According to Lochhead, 32 shipments started in 2013 and stopped in December 2018. They were supposed to send low-level radioactive waste[i] from the department’s Y-12 facility in Oak Ridge, Tennessee, to the Nevada National Security Site, roughly 90 miles northwest of Las Vegas, for secure disposal.

On July 3, the Energy Department informed Nevada officials, that reactive material — that cannot be detonated, but can release large amounts of thermodynamic energy — may have been included in those shipments.

The Department’s National Nuclear Security Administration claims that the material does not pose safety and health of the general public or workers at the facility at NNSS. Nonetheless, “Such waste has never been approved for disposal at the NNSS,” the letter said.

The NNSA’s claim should be considered with caution. Uranium and plutonium, are heavy elements and are hazardous to both people and the environment. They are highly reactive elements and react with common substances such as air and water to produce an often violent reaction. Many of the reactions between these elements and water can be fatal if they are carried out on a large scale.

Nevada Governor Steve Sisolak learned of the error in a phone call with Deputy Energy Secretary Dan Brouillette, who told the governor that the shipments had been incorrectly labeled and “may contain a reactive material,” according to the letter sent last week.

The governor, as well as Nevada Sens. Catherine Cortez Masto and Jacky Rosen, sent Energy Secretary Rick Perry a letter two days later spelling out their concerns. The also expressed frustration over the latest error, which comes on the heels of the department’s decision last year to ship a half-metric ton of weapons grade plutonium to the security site and not disclose it until months after the fact.

“These egregious acts — whether acts of negligence or indicative of something else — are unconscionable and have potentially put the health and safety of Nevadans and our environment at unacceptable risk,” the letter said.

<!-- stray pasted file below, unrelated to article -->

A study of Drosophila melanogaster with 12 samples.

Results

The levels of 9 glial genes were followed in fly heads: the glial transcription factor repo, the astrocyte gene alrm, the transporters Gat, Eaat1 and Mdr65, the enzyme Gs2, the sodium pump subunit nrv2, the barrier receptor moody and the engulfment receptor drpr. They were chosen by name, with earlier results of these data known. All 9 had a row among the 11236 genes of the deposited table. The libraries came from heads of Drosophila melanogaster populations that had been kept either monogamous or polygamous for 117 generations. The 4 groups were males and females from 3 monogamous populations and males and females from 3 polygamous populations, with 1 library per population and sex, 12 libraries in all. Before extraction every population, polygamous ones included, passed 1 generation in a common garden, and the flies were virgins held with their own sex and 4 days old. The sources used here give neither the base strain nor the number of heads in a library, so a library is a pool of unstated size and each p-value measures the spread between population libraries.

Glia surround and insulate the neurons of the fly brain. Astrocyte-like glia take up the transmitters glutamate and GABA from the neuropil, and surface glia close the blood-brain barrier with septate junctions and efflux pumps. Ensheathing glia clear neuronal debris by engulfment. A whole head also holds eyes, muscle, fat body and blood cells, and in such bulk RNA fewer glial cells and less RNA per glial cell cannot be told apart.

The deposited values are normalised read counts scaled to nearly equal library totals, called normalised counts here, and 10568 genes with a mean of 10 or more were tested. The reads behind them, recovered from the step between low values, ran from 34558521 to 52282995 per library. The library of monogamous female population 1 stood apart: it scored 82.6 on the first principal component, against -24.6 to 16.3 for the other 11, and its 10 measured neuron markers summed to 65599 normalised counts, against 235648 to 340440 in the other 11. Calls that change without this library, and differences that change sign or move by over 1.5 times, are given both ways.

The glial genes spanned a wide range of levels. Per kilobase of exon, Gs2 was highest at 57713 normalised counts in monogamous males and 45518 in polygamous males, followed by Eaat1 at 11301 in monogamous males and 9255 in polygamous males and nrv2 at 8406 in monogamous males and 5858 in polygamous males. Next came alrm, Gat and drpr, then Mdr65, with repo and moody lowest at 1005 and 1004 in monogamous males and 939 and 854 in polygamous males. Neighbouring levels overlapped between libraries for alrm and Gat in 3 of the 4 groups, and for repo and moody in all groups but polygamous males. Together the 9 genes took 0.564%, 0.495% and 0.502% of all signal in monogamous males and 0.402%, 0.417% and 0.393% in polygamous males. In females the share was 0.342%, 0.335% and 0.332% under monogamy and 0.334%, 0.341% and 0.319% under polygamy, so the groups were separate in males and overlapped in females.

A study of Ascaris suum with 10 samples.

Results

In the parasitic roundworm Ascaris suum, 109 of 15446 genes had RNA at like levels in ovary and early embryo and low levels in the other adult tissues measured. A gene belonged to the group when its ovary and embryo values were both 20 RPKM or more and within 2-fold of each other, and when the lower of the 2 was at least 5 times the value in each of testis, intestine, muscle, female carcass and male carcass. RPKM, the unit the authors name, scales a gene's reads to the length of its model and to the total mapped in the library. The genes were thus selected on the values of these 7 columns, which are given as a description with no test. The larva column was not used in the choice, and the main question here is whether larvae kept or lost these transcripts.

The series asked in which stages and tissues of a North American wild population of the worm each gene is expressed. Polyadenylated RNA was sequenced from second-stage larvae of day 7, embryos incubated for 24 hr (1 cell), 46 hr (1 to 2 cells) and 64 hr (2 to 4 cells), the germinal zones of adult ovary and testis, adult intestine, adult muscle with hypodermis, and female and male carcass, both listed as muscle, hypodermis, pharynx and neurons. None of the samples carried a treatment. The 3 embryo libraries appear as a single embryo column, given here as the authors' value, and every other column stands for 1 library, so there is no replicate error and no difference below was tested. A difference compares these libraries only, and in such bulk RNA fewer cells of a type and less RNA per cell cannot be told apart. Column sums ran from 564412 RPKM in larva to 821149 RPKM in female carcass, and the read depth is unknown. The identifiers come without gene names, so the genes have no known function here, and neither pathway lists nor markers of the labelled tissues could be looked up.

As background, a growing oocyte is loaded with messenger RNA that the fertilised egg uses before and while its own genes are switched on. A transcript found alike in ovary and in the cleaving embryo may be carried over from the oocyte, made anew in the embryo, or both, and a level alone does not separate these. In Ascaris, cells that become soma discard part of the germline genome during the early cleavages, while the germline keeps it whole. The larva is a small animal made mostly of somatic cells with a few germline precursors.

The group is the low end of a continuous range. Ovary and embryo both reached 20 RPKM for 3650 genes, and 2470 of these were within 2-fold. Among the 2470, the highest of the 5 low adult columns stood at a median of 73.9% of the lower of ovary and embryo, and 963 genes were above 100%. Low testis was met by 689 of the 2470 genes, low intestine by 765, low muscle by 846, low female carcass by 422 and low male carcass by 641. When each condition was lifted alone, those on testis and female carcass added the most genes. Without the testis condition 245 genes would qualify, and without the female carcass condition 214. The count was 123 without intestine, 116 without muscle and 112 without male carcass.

The governor’s office said that the Energy Department has not yet confirmed that the shipments contained any reactive materials, which Sisolak’s office said, “would trigger additional safety concerns and run afoul of existing state permits and federal statutes governing the waste disposal mission at NNSS.”

Because it includes hazardous material, the mixed waste is supposed to be handled separately at a dedicated facility at the security site where it is processed. The mixed-level waste is buried in lined trenches as a precaution, whereas low-level waste is buried in unlined trenches.

The July 4th, 6.4 magnitude earthquake that jolted San Bernardino County, California rolled steadily towards the earthquake prone Nuclear facility before settling down to a whimper.

[i] Low-level wastes, generally defined as radioactive wastes other than high-level and wastes from uranium recovery operations. Low-level waste includes items that have become contaminated with radioactive material or have become radioactive through exposure to neutron radiation. This waste typically consists of contaminated protective shoe covers and clothing, wiping rags, mops, filters, reactor water treatment residues, equipment and tools, luminous dials, medical tubes, swabs, injection needles, syringes, and laboratory animal carcasses and tissues. The radioactivity can range from just above background levels found in nature to much higher levels in certain cases such as parts from inside the reactor vessel in a nuclear power plant.

Dr. Michael Manford McGreer is managing editor of and writes on issues that impact public policy.